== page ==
Corporations Can’t Go to Church, but They Can Go to Court

Jul 03, 2014
Maggie Crosby

Page Media

This week’s unprecedented Hobby Lobby decision deserves the widespread criticism it has attracted: the Supreme Court decreed that corporations, which lack souls, have religious beliefs; even more jaw-dropping, it decreed that those anthropomorphic beliefs trump workers’ health, reproductive choices and equality. 

As Justice Ginsburg points out, the majority’s assurance that corporate meddling in employee health will stop at birth control is unconvincing. There simply is no principled distinction between contraception—recognized by the Centers for Disease Control as one of the most significant public health achievements of the 20th century—and a host of other preventative medicines like vaccines. And it is no credit to the majority that it gerrymandered religious exemptions to excuse only compliance with laws securing birth control coverage, leaving intact insurance mandates for other health care: once again, the Court has signaled its approval of the steady erosion of women’s reproductive rights.

What has received less attention is the Court’s assault on true religious liberty. The federal law under which Hobby Lobby prevailed—the Religious Freedom Restoration Act (RFRA)—was intended to promote religious tolerance in a pluralistic country, particularly for minority faiths. Congress passed RFRA in the wake of a 1990 Supreme Court decision that hollowed out First Amendment protection for devout people unnecessarily oppressed by laws that, for example, prohibited headwear in schools, thus preventing Jewish children from wearing yarmulkes.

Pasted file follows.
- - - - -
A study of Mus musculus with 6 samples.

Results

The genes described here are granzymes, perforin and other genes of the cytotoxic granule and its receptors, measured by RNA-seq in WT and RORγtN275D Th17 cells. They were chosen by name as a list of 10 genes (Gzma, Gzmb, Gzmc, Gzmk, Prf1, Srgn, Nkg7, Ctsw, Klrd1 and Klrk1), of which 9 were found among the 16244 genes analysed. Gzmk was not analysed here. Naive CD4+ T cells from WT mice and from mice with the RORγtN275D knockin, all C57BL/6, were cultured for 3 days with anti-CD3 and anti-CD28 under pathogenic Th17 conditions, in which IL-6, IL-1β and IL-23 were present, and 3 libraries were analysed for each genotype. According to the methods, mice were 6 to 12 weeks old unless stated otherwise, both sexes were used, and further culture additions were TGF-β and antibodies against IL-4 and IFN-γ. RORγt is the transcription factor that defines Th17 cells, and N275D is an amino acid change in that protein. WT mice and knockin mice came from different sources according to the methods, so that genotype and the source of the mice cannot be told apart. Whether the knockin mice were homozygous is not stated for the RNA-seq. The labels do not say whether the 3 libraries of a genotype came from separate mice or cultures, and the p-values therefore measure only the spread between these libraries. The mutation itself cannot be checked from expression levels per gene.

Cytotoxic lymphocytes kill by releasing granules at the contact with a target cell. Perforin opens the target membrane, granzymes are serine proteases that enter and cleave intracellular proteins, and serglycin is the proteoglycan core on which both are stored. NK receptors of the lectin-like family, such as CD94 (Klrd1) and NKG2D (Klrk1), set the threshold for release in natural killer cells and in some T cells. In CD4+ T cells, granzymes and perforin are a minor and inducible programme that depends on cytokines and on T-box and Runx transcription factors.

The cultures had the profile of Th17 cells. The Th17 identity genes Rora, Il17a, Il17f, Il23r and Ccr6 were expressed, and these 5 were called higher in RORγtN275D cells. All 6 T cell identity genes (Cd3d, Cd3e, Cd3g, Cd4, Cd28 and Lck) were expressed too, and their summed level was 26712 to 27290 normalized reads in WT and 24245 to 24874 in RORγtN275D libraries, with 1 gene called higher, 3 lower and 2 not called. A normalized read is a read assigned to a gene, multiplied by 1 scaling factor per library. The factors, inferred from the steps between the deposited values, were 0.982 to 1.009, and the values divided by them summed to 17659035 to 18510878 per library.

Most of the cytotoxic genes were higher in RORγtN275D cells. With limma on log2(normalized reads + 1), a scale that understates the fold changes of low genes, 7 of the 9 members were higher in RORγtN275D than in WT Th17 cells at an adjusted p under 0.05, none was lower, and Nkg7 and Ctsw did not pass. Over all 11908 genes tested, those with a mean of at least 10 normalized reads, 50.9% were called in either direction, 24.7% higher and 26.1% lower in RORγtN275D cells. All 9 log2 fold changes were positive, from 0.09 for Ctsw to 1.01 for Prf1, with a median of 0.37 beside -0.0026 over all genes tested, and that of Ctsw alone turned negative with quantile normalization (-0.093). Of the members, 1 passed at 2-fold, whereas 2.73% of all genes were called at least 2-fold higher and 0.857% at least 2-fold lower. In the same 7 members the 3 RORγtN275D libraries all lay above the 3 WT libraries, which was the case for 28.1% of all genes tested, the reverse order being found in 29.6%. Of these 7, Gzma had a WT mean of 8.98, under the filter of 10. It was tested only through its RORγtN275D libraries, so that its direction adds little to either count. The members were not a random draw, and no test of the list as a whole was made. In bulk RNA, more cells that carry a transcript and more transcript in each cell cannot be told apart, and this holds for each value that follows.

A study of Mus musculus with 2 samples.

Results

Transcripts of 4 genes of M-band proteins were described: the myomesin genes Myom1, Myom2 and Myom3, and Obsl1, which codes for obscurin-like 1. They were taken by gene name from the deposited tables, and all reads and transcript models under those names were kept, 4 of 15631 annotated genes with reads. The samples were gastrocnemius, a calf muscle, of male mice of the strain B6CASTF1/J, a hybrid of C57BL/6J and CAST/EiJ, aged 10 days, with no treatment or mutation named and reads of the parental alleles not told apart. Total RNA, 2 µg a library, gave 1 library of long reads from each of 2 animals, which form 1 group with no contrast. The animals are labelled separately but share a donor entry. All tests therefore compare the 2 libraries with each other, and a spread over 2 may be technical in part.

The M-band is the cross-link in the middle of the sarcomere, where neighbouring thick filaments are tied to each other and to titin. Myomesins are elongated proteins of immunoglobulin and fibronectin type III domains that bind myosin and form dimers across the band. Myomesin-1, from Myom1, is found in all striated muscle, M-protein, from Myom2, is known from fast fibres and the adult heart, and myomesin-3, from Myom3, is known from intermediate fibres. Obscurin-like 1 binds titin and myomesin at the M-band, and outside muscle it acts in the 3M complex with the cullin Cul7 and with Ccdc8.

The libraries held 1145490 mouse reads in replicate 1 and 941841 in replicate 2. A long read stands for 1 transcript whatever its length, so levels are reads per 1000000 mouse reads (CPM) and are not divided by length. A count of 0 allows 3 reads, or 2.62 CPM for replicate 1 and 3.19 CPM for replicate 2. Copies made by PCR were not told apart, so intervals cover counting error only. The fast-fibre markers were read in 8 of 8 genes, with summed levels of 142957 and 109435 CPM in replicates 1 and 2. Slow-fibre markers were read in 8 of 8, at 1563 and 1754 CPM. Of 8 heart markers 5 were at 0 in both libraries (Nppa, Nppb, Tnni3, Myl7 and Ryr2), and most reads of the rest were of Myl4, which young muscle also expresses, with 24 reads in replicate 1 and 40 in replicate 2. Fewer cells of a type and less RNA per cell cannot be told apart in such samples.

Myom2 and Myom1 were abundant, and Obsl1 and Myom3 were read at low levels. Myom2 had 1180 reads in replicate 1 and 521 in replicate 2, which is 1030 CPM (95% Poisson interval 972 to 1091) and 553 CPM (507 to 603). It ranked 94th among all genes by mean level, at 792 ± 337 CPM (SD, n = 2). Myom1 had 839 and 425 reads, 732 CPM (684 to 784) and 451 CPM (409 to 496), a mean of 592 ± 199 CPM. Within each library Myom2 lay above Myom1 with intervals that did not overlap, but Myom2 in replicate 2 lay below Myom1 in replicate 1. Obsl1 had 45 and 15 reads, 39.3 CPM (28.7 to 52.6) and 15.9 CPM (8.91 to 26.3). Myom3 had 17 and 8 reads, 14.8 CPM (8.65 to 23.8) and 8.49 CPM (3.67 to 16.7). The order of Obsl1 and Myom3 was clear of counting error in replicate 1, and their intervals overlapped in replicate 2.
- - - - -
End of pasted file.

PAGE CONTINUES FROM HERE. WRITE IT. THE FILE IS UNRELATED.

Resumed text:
Justice Scalia, in denying constitutional protection, told these religious groups to lobby for statutory exemptions. Recognizing that minority faiths lacked political clout, Congress passed RFRA to restore the protection the Court had eliminated. The Supreme Court, miffed at the widespread criticism its 1990 decision received and at the Congressional response, promptly struck down RFRA as it applied to state and local laws. Thus, RFRA now applies only to federal laws like the federal health reform statute (happily, in light of the Hobby Lobby decision, because it leaves intact state contraceptive equity laws like California’s).

For the ACLU, which joined a broad coalition in supporting passage of RFRA, the Hobby Lobby decision is an ironic end of the long journey to protect religious freedom. The Court subverted RFRA’s intent, not only by using a law designed to protect minority faiths to instead protect majority faith, but also by using it to give more power to the most powerful entities in American life—for-profit corporations, which now may impose their wealthy owners’ religious beliefs on their workers.

Once again, the Supreme Court got it wrong.  Once again, it’s time for Congress to act.

Maggie Crosby is a Senior Staff Attorney at the ACLU of Northern California.